A misleading advert by animal rights extremists PETA has been banned for claiming that “wool is just as cruel as fur”.
The bogus ad which was plastered on the side of buses in the UK lead to angry complaints from the public who saw through it immediately.
It contained an image of a woman pulling a jumper over her face and read: “Don’t let them pull the wool over your eyes. “Wool is just as cruel as fur. Go wool-free this winter”.
But the Advertising Standards Authority (ASA) ruled it was PETA who was guilty of pulling the wool over people’s eyes. It ruled the claim is simply false and misleading and it has banned PETA from running ads making the claim in future.
The decision was welcomed by the fur trade as well as the wool industry who both said wool and fur are the most ecological and sustainable fibres particularly when compared to plastic and synthetics used in ‘throwaway fashion’.
Mark Oaten, CEO of the International Fur Federation, said: “PETA is an extremist organisation which is rapidly alienating a large part of the population by excluding freedom of choice and advocating the ban on animal products of any description.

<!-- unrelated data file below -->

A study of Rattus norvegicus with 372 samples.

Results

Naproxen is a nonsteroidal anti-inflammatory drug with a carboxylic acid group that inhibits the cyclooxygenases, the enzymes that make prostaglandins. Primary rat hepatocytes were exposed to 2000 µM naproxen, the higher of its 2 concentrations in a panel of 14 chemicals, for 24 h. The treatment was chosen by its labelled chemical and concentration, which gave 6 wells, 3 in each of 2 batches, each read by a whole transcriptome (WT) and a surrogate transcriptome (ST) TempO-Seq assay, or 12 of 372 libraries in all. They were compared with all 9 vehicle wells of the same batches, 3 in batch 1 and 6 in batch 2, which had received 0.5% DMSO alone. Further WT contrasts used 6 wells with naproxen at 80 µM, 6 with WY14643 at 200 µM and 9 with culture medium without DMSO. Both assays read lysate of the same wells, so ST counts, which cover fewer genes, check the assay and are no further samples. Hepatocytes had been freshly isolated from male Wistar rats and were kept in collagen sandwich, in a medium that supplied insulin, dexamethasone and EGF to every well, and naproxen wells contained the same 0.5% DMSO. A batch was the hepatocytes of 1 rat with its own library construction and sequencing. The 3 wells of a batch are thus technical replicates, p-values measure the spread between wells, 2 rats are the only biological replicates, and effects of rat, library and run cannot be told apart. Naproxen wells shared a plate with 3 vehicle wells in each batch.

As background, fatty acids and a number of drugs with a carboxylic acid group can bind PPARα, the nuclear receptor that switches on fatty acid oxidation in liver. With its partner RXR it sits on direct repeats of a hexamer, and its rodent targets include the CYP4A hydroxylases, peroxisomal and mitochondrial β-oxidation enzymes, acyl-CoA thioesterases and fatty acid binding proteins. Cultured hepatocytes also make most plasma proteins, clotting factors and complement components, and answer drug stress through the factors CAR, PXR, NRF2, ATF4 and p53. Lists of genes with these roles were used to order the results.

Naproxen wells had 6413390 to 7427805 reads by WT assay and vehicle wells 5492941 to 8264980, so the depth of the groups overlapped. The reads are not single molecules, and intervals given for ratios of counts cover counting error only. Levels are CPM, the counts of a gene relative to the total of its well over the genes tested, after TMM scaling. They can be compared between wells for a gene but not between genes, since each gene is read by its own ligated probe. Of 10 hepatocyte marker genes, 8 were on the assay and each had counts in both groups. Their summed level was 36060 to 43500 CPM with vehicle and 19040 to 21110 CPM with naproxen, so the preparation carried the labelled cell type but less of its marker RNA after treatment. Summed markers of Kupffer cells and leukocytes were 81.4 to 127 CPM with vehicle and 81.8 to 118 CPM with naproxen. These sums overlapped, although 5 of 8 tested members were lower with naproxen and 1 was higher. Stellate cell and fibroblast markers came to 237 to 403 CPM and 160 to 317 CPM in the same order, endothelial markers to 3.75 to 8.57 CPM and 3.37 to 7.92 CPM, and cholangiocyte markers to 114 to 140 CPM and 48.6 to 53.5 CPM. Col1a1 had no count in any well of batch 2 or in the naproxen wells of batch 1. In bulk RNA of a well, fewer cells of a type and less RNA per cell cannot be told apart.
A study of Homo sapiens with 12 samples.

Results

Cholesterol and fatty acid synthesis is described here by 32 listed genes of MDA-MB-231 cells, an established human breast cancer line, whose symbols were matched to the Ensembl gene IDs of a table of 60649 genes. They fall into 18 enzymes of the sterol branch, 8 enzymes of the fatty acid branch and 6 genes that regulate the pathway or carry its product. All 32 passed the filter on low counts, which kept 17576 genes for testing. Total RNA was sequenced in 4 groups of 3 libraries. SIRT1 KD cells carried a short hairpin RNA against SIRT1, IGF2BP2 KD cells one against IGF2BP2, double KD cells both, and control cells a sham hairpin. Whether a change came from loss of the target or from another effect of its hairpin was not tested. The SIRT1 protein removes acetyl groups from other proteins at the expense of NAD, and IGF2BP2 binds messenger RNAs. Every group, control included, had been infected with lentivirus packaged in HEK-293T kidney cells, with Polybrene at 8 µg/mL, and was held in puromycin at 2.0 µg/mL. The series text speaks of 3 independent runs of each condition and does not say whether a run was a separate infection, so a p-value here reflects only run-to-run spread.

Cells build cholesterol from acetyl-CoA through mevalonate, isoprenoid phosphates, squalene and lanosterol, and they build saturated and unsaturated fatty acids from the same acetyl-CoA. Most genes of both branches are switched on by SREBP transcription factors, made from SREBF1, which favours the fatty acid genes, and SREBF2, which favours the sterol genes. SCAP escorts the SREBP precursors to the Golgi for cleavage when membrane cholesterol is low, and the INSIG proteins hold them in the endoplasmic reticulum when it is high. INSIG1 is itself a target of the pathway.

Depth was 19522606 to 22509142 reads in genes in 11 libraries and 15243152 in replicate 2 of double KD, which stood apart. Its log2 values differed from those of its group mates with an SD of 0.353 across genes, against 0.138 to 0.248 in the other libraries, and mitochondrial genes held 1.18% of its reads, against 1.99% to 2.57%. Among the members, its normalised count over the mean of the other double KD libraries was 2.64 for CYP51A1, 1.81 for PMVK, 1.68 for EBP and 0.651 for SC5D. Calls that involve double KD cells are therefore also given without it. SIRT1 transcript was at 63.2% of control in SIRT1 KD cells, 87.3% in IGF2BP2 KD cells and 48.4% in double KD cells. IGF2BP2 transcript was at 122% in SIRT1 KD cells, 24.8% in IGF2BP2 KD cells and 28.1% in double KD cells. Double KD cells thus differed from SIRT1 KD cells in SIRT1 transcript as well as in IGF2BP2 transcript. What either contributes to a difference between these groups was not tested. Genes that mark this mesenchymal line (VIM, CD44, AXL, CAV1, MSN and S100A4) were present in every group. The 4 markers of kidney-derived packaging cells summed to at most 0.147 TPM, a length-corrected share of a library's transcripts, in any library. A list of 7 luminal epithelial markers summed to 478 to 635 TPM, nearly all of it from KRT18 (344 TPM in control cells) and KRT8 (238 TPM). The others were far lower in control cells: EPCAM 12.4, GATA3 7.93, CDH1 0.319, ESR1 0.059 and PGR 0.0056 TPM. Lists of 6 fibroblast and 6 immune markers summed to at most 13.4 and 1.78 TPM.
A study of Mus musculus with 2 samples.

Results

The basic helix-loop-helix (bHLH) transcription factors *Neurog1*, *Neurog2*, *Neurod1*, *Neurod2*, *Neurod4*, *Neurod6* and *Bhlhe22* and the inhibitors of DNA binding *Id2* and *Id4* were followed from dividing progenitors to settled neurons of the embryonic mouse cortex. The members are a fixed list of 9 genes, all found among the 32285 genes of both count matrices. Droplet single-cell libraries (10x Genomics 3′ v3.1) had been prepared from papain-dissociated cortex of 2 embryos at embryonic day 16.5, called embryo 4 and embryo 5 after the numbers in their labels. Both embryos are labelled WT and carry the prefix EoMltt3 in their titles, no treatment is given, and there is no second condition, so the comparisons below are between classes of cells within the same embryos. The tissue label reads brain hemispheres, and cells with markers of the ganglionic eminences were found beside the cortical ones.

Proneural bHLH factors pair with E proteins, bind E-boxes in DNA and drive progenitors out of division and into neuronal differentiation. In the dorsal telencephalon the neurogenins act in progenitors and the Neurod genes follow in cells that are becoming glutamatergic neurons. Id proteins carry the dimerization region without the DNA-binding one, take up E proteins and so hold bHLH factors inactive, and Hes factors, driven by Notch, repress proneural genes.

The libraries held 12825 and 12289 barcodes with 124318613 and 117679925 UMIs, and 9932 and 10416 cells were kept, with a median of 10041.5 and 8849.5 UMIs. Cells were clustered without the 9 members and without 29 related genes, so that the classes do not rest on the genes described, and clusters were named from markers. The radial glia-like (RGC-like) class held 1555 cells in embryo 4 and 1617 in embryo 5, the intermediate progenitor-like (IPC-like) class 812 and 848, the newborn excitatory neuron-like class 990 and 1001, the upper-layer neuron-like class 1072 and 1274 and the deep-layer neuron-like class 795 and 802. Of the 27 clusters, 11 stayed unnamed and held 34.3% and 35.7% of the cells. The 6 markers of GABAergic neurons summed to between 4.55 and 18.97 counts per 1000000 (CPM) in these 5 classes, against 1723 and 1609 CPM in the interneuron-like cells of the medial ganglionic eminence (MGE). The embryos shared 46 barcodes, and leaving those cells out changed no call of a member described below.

“They are strangely out of step with mainstream opinion which is now strongly inclined to using natural, sustainable products and ditching the plastic, harmful alternatives which are damaging the planet.
“They have suddenly found themselves on the wrong side of the environmental debate.
“Our evidence shows their revenue stream has declined rapidly to the tune of $30 million over the last three years as a result.”
And Nicholas Coleridge, chairman of the Prince of Wales’ Campaign for Wool, added: “Wool should never be banned.
“PETA are 100 per cent wrong on this issue.
“Their position opposing the use of wool is absurd and way out of date.
“Wool is the most ecological and sustainable of fibres and the perfect alternative to plastic and synthetics.
“PETA is ten years behind the times on this issue and backing the wrong argument.”
But PETA still refused to back down after the defeat.
Spokeswoman Elisa Allen said: “We will continue to urge decent people to steer clear of wool, and we have plans to run a modified version of the ad in numerous cities this winter.”
PETA had earlier claimed a victory for its controversial claims when the Boohoo online fashion chain said it would stop using wool in response to cruelty claims.
The campaign even included the bizarre demand that the Dorset village of Wool should change its name.